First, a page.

Pacific Money | Economy | Southeast Asia

Why Are Philippine Courts Blocking Sugar Imports?

The move is an attempt to balance the interests of Filipino farmers and consumers.

Why Are Philippine Courts Blocking Sugar Imports?
Credit: Flickr/Patrick DeBacker

Earlier this month a pair of courts in the Philippine province of Negros Occidental issued restraining orders against a government plan to import 200,000 metric tons of refined sugar. In both cases, the petitions were filed by farmers’ associations representing local sugar producers. Opposition politicians are now calling for a probe into the permits, while on the consumer side the Philippine Chamber of Food Manufacturers (that is, the people who actually buy and use refined sugar) have lobbied for the imports to go through as planned. What is going on in the Philippine sugar industry?

Well, it’s a pretty classic balancing act between the interests of domestic farmers and the welfare of consumers. And with an election coming up it’s a good bet that however this balances out, politics will play some role in the whole thing.

Agriculture is very important to the socioeconomic structure of the Philippines. According to the Asian Development Bank, although the agricultural sector only accounted for 10 percent of GDP in 2020, it employed about 25 percent of the working population. And Negros is the largest sugar-producing region in the Philippines. From the perspective of these sugar farmers, the main goal is to have their product absorbed by the domestic market at a stable price (which is usually somewhat higher than international prices, since they don’t need to compete with global sugar producers).

Paying a premium on domestically produced sugar is tolerated by political economic actors because it helps prop up an agricultural base that absorbs a quarter of the workforce. But in recent years, the demand for sugar has been outpacing the ability of producers to keep up. According to the Sugar Regulatory Administration, from September 2017 to August 2018 sugarcane production in the Philippines declined by 417,000 metric tons compared to the previous year. This squeeze on supply caused the price of a kilogram of refined sugar to jump from 53 to 64 pesos.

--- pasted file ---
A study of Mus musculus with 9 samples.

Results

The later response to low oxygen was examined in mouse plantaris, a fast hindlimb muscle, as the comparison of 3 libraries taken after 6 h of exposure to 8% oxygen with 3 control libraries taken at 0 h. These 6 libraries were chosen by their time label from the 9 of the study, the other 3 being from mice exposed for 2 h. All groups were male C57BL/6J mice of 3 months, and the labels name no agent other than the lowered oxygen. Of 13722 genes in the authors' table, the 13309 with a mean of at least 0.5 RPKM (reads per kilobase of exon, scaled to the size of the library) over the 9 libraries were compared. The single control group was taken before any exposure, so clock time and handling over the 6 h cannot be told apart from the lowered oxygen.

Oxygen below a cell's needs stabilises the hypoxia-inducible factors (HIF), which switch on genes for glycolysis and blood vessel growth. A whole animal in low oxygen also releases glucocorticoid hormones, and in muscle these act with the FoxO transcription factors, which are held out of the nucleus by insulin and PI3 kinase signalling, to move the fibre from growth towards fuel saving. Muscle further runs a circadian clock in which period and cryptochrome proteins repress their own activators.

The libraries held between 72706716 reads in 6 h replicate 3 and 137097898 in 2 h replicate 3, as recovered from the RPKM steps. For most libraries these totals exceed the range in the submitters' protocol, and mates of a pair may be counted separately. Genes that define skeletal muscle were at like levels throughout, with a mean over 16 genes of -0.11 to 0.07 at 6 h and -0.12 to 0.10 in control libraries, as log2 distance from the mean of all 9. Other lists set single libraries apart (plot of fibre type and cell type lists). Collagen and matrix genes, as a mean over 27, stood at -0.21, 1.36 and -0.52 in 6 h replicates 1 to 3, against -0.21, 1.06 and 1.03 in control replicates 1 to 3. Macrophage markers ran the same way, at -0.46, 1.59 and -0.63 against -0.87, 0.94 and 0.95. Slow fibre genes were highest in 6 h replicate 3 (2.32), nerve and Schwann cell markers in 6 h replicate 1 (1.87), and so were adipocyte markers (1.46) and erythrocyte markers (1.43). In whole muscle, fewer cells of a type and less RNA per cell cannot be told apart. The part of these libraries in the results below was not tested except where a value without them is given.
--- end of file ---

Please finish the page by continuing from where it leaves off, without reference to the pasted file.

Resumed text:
To alleviate upward pressure on prices, the Sugar Regulatory Administration increased the supply of sugar through imports. In the 24-month period from September 2018 to August 2020 the Philippines imported 735,000 metric tons of refined sugar (in the previous 12-month period, they imported none). As expected from the way supply and demand work on prices, a kilogram of refined sugar quickly fell back to 50 pesos.

Enjoying this article? Click here to subscribe for full access. Just $5 a month.

A similar story played out in the rice market. In 2018 the retail price of milled rice started spiking after years of relative stability, jumping to 47.15 pesos per kilogram in the fourth quarter. This was followed by a sharp increase in rice imports to bring the price down. By 2019, the Philippines was importing over $1 billion worth of rice, compared to just $339 million in 2017. And it worked, with retail prices falling back to 41.3 pesos per kilogram by the first quarter of 2020. With prices stabilized, the government moved to limit imports at the end of last year so that the market could absorb more domestically produced rice.

We are seeing the same protectionist tendencies assert themselves in the sugar industry. Only it’s somewhat complicated, because while the government does not want to upset local sugar producers or the workers they employ, it also needs to keep a careful eye on inflationary pressures that are pushing up consumer price indexes all around the world right now. And that pressure is starting to hit staple consumer goods in the Philippines. According to the Sugar Regulatory Administration, over the last six months the price of refined sugar has jumped back up to 59 pesos per kilogram.

If the past is any guide, the play here would be to push prices down again through more imports. But that move is being blocked, at least for the moment, in order to protect the interests of sugar producers. For now, the two sides are at a bit of a stalemate, with the courts in Negros Occidental blocking the way. But if inflationary pressure continues to push up the price of staple goods like rice and sugar, how long can producers hold the line in the face of rising costs? And how will the election influence this situation? We don’t know yet, but the way in which this situation resolves itself will give us some clues about where the balance of power lies between the state, producers, and consumers in the Philippines.